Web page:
SINGAPORE — The number of unauthorised online bank and card transactions rose almost six times last year from a year ago, reflecting a growing trend in phishing scams.

Some victims of online scams recently reported that fraudsters were able to make online transactions with their card details even though the account holders had not received any one-time passwords via phone or revealed these passwrods to anyone.

Some victims of online scams recently reported that fraudsters were able to make online transactions with their card details even though the account holders had not received any one-time passwords via phone or revealed these passwrods to anyone.


The police received 1,848 reports of unauthorised online bank and card transactions last year, a sharp spike from the 329 reports made in 2019 and the 114 made in 2018, Transport Minister Ong Ye Kung told Parliament on Tuesday (Feb 16). Mr Ong is also a board member of the Monetary Authority of Singapore (MAS).

These cases arise from phishing scams, in which fraudsters impersonate someone else such as a government official or a service support personnel from a technology company in order to trick victims into revealing their banking or card details. 

Mr Ong revealed the figures in response to a question by Dr Tan Wu Meng, Member of Parliament for the Jurong Group Representation Constituency.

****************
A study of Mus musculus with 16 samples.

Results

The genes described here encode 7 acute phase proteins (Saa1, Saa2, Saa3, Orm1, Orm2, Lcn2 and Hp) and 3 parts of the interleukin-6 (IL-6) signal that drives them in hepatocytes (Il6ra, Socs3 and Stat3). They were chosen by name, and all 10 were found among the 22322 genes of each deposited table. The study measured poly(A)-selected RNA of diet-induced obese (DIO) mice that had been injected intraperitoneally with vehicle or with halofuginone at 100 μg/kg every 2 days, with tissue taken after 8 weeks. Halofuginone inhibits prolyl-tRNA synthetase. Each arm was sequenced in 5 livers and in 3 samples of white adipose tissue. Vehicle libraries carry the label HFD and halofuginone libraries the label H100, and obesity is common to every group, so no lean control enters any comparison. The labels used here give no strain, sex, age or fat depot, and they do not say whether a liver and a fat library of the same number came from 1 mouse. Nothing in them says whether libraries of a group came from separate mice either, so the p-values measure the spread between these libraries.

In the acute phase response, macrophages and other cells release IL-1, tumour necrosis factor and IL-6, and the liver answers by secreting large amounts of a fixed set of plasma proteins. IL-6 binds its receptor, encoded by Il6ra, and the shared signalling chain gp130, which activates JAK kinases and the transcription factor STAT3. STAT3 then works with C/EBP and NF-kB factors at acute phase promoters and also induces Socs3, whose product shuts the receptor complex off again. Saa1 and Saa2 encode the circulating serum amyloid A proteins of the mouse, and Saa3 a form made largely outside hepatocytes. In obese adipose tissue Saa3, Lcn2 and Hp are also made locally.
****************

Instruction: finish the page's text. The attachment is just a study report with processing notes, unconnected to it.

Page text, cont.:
Dr Tan also asked for the number of unauthorised transactions made with two-factor authentication via a token and via phone text messaging, and the recourse available for a victim.

Mr Ong said that some victims have recently reported that fraudsters were able to make online transactions with their card details even though the account holders had not received any one-time passwords (OTPs) via phone or revealed their OTPs to anyone.

The police and the banks are investigating these cases.

“As a precaution, the banks have put in place additional measures, such as rejecting card payments made to some commonly disputed merchants, or placing limits on the transaction amounts that customers can transact with such merchants,” Mr Ong said.

He assured Singaporeans that if an unauthorised transaction was made due to the bank’s lapses or their violation of MAS’ rules, then the customer will not bear any financial losses so long as the customer has not been negligent with safeguarding his or her personal details.

“So if you suspect that you have been a victim of fraud or cyber crime, the first step is to make a police report and contact your bank immediately,” he added.

More than S$200 million was lost to scammers last year as more people made transactions online during the pandemic, the police said at their annual crime statistics briefing last week.

Scams comprised 42.1 per cent of all reported crimes last year, up sharply from 27.2 per cent the year before.